Shock of an ectopic

I warned my husband that we wouldn't walk out of the hospital with a smile - it felt too wrong.


My ectopic happened as a surprise to us. I didn't even know I was pregnant. 

For months I'd been feeling tired and hadn't been sleeping properly, but I put this down to stresses at work and a long commute. 

I'd been suffering from a lot of pain in my left hip, which I'd put down to bad seating at work. My periods had happened when they were supposed to so I never thought that pregnancy could be the reason for any of the symptoms.

I started to get worried when I was bleeding again, only 7 days after my last period. I called the doctors who booked me in for some blood tests. I never made those tests.

The night before my doctors appointment I nearly fainted on the train home with the pain. I got off early and called my husband - I couldn't travel any further on my own.

When we got home the pain subsided enough for me to eat dinner and have a good nights sleep. I even turned the computer on in the morning to do some work before my doctors appointment.

But, I had a shower and the pain started again, worse than the night before. I couldn't move, I called my husband back from work, I was in so much pain I struggled to get dressed.

Still, we went to the docs where she thought I had appendicitis, I couldn't do a pregnancy test as I couldn't drink and keep anything down.

In the end she sent me to A&E, where they confirmed I was about 3 months pregnant!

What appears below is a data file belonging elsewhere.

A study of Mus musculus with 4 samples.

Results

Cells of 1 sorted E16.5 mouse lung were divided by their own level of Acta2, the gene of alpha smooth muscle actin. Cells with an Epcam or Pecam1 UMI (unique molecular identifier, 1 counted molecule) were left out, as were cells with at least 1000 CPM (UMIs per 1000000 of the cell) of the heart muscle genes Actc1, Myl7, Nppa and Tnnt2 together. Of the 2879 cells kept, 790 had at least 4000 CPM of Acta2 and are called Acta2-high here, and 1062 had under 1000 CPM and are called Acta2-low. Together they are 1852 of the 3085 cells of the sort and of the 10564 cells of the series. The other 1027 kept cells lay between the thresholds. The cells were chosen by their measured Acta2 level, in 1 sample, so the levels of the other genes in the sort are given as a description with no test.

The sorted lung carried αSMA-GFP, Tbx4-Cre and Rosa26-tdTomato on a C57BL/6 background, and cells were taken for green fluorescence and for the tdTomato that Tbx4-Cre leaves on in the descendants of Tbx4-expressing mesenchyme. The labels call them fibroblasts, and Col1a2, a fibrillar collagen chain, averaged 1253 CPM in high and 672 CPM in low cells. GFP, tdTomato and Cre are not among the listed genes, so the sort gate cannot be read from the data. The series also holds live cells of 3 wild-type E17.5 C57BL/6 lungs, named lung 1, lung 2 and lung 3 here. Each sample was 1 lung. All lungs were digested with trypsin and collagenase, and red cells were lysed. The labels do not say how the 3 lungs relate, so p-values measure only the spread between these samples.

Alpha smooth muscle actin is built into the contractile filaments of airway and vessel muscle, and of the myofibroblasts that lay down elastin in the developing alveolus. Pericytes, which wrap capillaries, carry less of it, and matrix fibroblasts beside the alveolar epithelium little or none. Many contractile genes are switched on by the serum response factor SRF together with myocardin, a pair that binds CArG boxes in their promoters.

I warned my husband that we wouldn't walk out of the hospital with a smile - it felt too wrong.

After a lot of tests I was put on a ward with the aim of having a scan in the morning. 

I was too weak in the morning and kept fainting when I sat up, after a lot of commotion I made it to the scan. They couldn't see anything in the uterus but a lot of haze of my right hand side - it was confirmed as a ruptured ectopic.

I went straight down for surgery, as I was internally bleeding. They removed the ruptured tube along with all the remaining tissue and then I began the road to recovery!

I was out of hospital within a few days, with no mention of a check up or any further support. I had the direct number for the ward if I had questions, but there's only so many times you feel you can call! I do have to say that everyone on the ward was amazing, I couldn't fault their care and compassion. 

I was offered counselling but I never felt I needed it as we hadn’t known about the pregnancy until it was too late. Our main focus had always been about me getting better. 

What I did need was support on whether the pains I was feeling were normal and if certain symptoms were anything to worry about. Everything online gives emotional advice, but nothing to support physically after surgery. 

What I didn't know was that the emotional side would get harder as time went on. As more and more months passed by with no joy in conceiving again. 

I am now nearly two years on from the ectopic and I've been recommended to see a lovely lady at a private hospital. I'm tired of being sent on my way from the doctors surgery, being told that "I'll be ok", "Give it time", "You're still young" (I'm 36!), "The pains you still feel are normal!"

For something that isn't that unusual, not many medical professionals know how to deal with an ectopic.

I'm going for tests to find out why I'm still getting pain and why I've had no joy in conceiving. I'm hoping one day we'll get our rainbow baby.